By KC Hoard, file photo

The right to vote is promised to every adult citizen in our nation, and is assured as a universal and eternal right by the Canadian Constitution. However, according to Elections Canada, voter turnout rates in federal elections have remained firmly below 70 per cent since the 1990s, and have steadily dipped closer to the 60th percentile as the years wear on (the exception being 2015’s polarizing election, which saw voter turnout increase to a mere 68 per cent).

These statistics make it clear that, for whatever reason, eligible voters are becoming increasingly disinterested in the electoral process. This has led many to speculate on possible resolutions to the pandemic of the aloof citizen—either too uninformed or not proactive enough to vote. The most prominent (and polarizing) solution that has been considered is enforced mandatory voting, meaning every citizen would be required to vote in every election.

Most famously, a mandatory voting policy is enforced in Australia. Every citizen of at least eighteen years of age must attend a polling booth on voting day, register their name, and vote. Failure to do so, or one’s abstention from the voting process, results in a small fine, which is paid by few. Essentially, either you vote, or your wrist gets slapped.

While this policy is effective (Australia’s most recent federal election had a 95 per cent turnout rate), it simply would not fly in Canada. Here the implementation of a mandatory voting law would violate an individual’s freedom, as guaranteed in the Constitution.

Voting is promised to Canadians as a right, meaning that they are free to exercise, or not exercise it. Another such right is that of free speech, which is similarly guaranteed in the Constitution. If the government were to interfere with that right in any way by, say, restricting the words people could say to a limited vocabulary (*cough* 1984), public outcry would be torrential. If this is the case with one right, then it must be the case with the next—the right to vote should not be held to a lesser standard than the right to free speech.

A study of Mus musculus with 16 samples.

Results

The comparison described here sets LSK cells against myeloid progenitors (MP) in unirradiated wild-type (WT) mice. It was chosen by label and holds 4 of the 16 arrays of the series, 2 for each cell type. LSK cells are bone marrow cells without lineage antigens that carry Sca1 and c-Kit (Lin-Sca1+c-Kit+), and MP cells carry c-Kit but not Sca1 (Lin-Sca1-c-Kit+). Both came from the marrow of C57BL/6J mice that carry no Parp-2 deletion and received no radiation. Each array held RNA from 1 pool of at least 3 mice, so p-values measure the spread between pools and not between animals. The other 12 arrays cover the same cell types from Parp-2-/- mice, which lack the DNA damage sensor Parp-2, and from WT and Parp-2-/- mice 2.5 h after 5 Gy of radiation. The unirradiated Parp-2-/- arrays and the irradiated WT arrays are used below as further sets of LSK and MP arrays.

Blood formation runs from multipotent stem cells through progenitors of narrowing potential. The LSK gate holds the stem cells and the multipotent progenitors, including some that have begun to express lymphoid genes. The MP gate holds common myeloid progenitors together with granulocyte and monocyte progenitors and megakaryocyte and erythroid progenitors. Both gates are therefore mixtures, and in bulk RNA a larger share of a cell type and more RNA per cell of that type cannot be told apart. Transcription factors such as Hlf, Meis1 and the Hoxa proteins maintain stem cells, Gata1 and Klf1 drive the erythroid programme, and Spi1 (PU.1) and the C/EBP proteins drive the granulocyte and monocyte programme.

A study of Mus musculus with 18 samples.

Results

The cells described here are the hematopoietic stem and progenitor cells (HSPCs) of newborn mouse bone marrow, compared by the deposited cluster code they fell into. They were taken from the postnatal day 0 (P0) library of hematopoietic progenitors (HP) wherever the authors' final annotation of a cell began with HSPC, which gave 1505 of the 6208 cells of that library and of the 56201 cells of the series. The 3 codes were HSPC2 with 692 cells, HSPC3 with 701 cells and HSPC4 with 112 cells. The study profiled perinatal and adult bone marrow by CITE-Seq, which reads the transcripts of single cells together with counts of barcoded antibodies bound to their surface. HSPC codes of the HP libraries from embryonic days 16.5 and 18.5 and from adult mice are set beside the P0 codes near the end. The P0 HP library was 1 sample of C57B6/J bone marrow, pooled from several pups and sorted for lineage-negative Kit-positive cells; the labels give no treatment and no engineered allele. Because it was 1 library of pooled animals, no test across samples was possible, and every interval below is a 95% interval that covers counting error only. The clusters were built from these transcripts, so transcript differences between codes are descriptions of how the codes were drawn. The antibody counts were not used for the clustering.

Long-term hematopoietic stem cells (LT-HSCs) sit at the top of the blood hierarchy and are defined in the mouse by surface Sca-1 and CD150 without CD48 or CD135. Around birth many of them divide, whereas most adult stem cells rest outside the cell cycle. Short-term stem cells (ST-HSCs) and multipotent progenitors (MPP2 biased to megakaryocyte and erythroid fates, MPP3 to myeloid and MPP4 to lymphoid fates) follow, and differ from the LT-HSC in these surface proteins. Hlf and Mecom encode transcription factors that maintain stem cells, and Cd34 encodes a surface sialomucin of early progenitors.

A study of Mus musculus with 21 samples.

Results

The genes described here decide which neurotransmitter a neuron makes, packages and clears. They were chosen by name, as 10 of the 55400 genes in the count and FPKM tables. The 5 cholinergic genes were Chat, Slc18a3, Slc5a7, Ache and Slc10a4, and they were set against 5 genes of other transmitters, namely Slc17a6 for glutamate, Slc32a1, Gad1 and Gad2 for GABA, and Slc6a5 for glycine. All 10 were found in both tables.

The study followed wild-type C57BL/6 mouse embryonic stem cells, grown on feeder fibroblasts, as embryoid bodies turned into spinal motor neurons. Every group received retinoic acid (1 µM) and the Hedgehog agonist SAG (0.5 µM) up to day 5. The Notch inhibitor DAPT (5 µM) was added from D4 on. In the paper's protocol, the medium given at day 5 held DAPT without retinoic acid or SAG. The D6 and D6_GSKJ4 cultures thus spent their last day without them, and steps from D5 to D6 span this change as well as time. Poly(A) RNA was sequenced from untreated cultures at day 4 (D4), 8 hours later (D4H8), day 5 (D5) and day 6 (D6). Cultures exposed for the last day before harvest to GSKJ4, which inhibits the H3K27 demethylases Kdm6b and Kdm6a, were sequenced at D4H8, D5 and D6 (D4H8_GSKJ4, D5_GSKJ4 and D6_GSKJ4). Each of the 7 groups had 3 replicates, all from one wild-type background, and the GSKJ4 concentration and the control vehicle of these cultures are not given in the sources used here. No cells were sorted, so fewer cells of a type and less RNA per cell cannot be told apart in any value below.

The Australian policy is troubling, to say the least. While the policy does serve its intended purpose to nudge citizens into voting, it is a clear restriction of the right of the Australian people to vote or abstain as they see fit. The policy also forces those who don’t care about politics to involve themselves in politics. These people will be more inclined to vote for illegitimate or joke candidates (see: polls indicating Harambe, the dead gorilla, would have come fourth in the 2016 U.S. presidential race were he to run), thus undermining the very idea the policy is intended to encourage—the genuine and serious involvement of the populace in the political process.

The idea of mandatory voting goes against what Canada as a nation stands for—freedom. And with freedom comes the ability to do nothing as much as one wishes. The government does not have the authority to tell people that they must vote. This decision comes down only to the prerogative of the individual, as promised by the powers that be.